I think you will realize the difference between them after reading definition#2 and #3 above, but I am not a teacher.
Interested in Language
I get a chance.
I take a chance.
Which one is more common in an English countries?
Do they mean same?
In addition to Matthew's point, the word you should use, Polyester, is "English-speaking countries", not "an English countries".
***** NOT A TEACHER *****
TO GET A CHANCE (to be given an opportunity)
1. I know that Mona will do very well if she gets a chance to enter the university.
2. George wanted to be a doctor, but he never got a chance to go to medical school.
3. I'll call you next week from Paris if I get a chance (I will be so busy that I may not find time.)
TO TAKE A CHANCE (what you are doing may be dangerous, disappointing, etc.)
4. I called Mona, but she didn't answer. Should I drive 50 miles to her home? She may not be home. I don't care. I'm going to take a chance and drive to her home anyway. If she's there, that would be great. If she isn't, I'll just drive back home.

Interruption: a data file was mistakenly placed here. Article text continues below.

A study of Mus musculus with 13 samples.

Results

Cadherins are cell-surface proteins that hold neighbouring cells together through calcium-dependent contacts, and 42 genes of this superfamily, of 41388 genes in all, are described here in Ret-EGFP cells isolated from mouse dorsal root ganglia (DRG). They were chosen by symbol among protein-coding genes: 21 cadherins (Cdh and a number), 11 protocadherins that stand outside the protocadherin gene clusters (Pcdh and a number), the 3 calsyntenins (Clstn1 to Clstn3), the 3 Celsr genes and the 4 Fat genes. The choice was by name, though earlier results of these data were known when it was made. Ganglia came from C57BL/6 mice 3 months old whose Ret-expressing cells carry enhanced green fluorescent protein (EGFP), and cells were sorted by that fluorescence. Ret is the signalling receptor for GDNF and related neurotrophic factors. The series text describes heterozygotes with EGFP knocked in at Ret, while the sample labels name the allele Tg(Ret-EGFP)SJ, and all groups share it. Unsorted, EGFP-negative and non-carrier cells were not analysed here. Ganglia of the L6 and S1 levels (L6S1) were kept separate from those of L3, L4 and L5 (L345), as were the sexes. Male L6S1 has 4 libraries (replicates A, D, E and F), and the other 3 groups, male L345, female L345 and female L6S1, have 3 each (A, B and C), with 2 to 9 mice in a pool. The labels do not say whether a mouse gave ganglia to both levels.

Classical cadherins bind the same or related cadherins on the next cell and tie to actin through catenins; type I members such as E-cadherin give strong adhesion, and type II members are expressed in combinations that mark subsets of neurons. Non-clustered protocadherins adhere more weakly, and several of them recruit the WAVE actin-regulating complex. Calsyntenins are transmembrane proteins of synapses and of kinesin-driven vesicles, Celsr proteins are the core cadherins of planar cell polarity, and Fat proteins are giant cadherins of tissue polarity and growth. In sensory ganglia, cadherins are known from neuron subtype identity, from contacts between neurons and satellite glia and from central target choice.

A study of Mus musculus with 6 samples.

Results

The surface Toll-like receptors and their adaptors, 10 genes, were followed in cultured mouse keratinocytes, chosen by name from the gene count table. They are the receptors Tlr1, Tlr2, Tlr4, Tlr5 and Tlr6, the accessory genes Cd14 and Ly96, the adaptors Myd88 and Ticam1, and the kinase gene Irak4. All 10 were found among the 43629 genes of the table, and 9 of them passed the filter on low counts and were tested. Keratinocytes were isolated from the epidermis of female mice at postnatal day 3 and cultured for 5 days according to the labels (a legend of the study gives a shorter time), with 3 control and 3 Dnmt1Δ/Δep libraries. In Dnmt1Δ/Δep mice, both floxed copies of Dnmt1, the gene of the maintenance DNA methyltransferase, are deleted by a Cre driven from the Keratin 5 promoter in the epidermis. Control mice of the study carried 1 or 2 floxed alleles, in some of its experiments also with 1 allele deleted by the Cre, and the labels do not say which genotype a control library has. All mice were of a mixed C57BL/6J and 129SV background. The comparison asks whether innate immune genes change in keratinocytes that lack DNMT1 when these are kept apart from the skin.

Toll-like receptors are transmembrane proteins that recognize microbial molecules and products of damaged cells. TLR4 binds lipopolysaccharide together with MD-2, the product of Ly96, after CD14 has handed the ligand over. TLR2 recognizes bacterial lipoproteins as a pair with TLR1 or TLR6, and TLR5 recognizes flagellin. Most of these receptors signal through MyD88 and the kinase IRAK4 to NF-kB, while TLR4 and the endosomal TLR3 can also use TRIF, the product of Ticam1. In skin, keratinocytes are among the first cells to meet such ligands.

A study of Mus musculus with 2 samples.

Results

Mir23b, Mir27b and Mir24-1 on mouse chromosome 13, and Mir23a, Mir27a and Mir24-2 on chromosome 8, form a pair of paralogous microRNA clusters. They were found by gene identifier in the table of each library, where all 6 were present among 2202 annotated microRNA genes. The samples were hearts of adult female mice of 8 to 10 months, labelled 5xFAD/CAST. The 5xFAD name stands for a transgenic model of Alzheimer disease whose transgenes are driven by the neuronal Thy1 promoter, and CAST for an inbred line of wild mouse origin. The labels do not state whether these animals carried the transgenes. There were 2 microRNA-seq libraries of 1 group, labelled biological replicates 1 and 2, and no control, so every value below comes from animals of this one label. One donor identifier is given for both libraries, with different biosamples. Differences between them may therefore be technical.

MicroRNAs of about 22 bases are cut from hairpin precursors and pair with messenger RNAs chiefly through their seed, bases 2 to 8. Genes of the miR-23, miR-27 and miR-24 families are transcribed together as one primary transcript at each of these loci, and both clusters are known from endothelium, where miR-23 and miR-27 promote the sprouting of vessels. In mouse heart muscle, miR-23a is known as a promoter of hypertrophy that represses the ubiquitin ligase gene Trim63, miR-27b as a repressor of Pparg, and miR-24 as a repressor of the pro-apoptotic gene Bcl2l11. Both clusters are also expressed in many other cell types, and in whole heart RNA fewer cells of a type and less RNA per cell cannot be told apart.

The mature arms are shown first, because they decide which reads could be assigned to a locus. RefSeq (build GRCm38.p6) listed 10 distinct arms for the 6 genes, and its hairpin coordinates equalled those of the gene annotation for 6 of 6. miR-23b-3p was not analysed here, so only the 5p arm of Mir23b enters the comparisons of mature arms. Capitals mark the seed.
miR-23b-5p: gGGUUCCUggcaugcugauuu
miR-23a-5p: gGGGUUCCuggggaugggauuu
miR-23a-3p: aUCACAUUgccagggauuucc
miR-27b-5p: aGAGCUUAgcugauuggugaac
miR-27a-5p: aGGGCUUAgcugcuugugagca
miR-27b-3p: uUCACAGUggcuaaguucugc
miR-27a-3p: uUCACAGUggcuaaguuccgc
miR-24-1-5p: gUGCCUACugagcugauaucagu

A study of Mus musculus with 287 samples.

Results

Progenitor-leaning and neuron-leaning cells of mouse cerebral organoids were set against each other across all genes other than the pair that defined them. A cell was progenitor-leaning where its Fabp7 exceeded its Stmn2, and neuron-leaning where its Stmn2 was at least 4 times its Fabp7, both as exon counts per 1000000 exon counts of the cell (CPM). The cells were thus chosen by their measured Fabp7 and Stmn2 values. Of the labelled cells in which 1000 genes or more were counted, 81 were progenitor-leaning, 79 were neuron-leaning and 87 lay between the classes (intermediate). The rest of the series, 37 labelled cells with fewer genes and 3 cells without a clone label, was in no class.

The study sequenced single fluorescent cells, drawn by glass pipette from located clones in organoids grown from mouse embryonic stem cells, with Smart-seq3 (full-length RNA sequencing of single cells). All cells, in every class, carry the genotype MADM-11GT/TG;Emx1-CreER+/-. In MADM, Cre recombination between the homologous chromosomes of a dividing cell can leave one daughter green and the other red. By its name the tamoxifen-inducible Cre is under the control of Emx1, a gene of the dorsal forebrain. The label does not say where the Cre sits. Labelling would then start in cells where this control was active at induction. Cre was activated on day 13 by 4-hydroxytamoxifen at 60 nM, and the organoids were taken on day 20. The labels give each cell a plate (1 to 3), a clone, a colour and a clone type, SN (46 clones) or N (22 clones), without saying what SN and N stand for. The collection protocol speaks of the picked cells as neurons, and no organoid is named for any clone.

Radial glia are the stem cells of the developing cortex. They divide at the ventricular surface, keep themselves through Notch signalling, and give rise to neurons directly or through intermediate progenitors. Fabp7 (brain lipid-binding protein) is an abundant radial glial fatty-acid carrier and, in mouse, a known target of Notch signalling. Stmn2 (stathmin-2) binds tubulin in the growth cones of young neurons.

5. What?! You are thinking about lending $500 to TheParser? I hear that he never repays his creditors. Don't take a chance, dude. Don't lend him a penny!
6. I want to start a business. Yes, I know that my business may be a failure. But in life, one often has to take chances. Who knows? My business may be a great success. If it is not, well, at least I tried.
Many years ago, a young man from New Zealand and a young man from Nepal got a chance to climb to the top of a very tall mountain. Some people warned them not to do it. But those young men decided to take a chance. As you know, they succeeded in climbing to the top of MT. EVEREST.
Last edited by TheParser; 27-Sep-2015 at 17:06.